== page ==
With the drought in California entering the fourth year, the state's worst drought on record, the Santa Barbara county is planning to reopen a desalination plant closed decades ago.
The move has rekindled an old debate as to whether the state's water shortage was now so dire that Californians should embrace desalination - with its high economic costs and environmental risks.
Desalination was the last resort and Californians were at the last resort, according to Bob Roebuck, Santa Barbara's project manager for the plant's revival plan, San Jose Mercury News reported. Roebuck said the state reservoirs were drying up lakes were dropping.
By early June, the Santa Barbara City Council was expected to vote to spend around $40 million to modernise and restart the desalination facility.
The plant was built at a cost of $34 million during last major drought in the state in the late 1980s and early 1990s. But shortly after it opened in 1992, rains poured in abundance. Because of the steep productions costs, the city shut down the plant three months later and sold its filters to Saudi Arabia.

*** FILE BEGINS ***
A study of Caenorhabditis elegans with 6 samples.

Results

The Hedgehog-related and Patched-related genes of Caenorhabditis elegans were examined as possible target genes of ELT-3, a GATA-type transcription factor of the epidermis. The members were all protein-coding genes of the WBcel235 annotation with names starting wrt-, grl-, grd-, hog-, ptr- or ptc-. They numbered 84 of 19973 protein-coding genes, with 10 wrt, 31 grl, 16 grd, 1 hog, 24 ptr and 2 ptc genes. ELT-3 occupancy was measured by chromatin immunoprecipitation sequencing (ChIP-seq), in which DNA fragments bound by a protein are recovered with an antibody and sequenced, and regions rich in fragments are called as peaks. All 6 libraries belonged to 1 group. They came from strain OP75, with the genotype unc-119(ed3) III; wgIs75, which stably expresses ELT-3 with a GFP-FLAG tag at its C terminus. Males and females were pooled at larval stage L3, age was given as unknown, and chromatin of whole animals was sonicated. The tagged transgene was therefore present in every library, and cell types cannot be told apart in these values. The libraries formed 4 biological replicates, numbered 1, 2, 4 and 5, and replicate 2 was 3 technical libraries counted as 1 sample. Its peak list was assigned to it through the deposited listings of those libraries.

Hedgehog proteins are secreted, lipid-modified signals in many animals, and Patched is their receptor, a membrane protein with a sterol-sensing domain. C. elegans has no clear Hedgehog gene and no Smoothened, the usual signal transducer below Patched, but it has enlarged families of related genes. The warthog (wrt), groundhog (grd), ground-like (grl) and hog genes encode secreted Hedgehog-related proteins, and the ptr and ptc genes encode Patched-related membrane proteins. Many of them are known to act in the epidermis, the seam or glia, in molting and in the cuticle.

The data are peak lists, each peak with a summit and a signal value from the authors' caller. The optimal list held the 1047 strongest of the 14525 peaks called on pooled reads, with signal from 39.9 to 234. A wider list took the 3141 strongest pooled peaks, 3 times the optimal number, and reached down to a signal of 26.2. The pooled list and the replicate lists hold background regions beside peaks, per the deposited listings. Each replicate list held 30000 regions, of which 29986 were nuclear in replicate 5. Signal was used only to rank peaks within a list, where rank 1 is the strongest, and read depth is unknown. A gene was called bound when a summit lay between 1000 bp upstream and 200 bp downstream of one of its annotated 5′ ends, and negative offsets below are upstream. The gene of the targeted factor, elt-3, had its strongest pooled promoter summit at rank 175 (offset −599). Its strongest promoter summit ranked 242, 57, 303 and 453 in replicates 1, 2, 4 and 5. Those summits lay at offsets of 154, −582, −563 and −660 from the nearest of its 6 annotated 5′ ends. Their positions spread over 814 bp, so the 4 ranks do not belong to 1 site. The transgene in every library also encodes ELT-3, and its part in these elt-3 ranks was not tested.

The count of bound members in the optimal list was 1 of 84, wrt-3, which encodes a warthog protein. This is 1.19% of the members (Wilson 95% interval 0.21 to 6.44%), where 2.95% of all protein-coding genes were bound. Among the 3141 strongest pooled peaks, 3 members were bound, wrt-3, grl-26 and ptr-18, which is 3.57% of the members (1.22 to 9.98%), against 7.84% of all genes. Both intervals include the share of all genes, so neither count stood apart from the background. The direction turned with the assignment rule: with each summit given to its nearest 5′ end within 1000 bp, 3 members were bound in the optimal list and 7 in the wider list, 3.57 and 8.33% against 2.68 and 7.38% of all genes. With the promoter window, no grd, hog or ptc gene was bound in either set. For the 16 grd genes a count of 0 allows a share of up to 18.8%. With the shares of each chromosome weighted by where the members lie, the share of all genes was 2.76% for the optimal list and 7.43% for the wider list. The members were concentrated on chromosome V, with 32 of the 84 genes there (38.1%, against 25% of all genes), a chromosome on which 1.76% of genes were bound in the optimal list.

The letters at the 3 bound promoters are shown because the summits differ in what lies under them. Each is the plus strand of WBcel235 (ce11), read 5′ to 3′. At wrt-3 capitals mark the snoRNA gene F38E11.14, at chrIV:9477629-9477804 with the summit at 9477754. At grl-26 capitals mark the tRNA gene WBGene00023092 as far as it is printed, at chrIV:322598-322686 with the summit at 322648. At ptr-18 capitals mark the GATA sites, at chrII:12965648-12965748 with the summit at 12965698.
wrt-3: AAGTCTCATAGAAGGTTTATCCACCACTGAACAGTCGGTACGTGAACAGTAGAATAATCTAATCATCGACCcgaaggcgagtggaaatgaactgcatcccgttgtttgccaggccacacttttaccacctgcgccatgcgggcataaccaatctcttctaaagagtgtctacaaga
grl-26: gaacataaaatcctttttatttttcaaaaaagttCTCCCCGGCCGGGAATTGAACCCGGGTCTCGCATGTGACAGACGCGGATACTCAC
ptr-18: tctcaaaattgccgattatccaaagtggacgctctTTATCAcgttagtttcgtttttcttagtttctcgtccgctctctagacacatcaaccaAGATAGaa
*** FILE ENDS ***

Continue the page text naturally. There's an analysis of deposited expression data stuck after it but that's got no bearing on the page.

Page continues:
Meanwhile, a storm with strong energy in the upper part of California, fell apart in the lower half of the state including Santa Barbara County on Tuesday.
Though a few towns had driving rain, with an occasional downpour, in others, there was little runoff that would make a difference, especially in the largest water source, Cachuma Lake, which remains at a critically low level.
According to the latest measurement it was just below 28 per cent of its capacity.
Santa Barbara County this season received half of the amount of rainfall it normally receives.
According to weathermen a series of storms in a row were needed to raise the water storage levels, and saturate the soils. That was not in the upcoming forecast and the four year drought continued to dominate the weather pattern.
The City of Santa Barbara was considering a Stage Three drought declaration later this month, with increased water rates from July.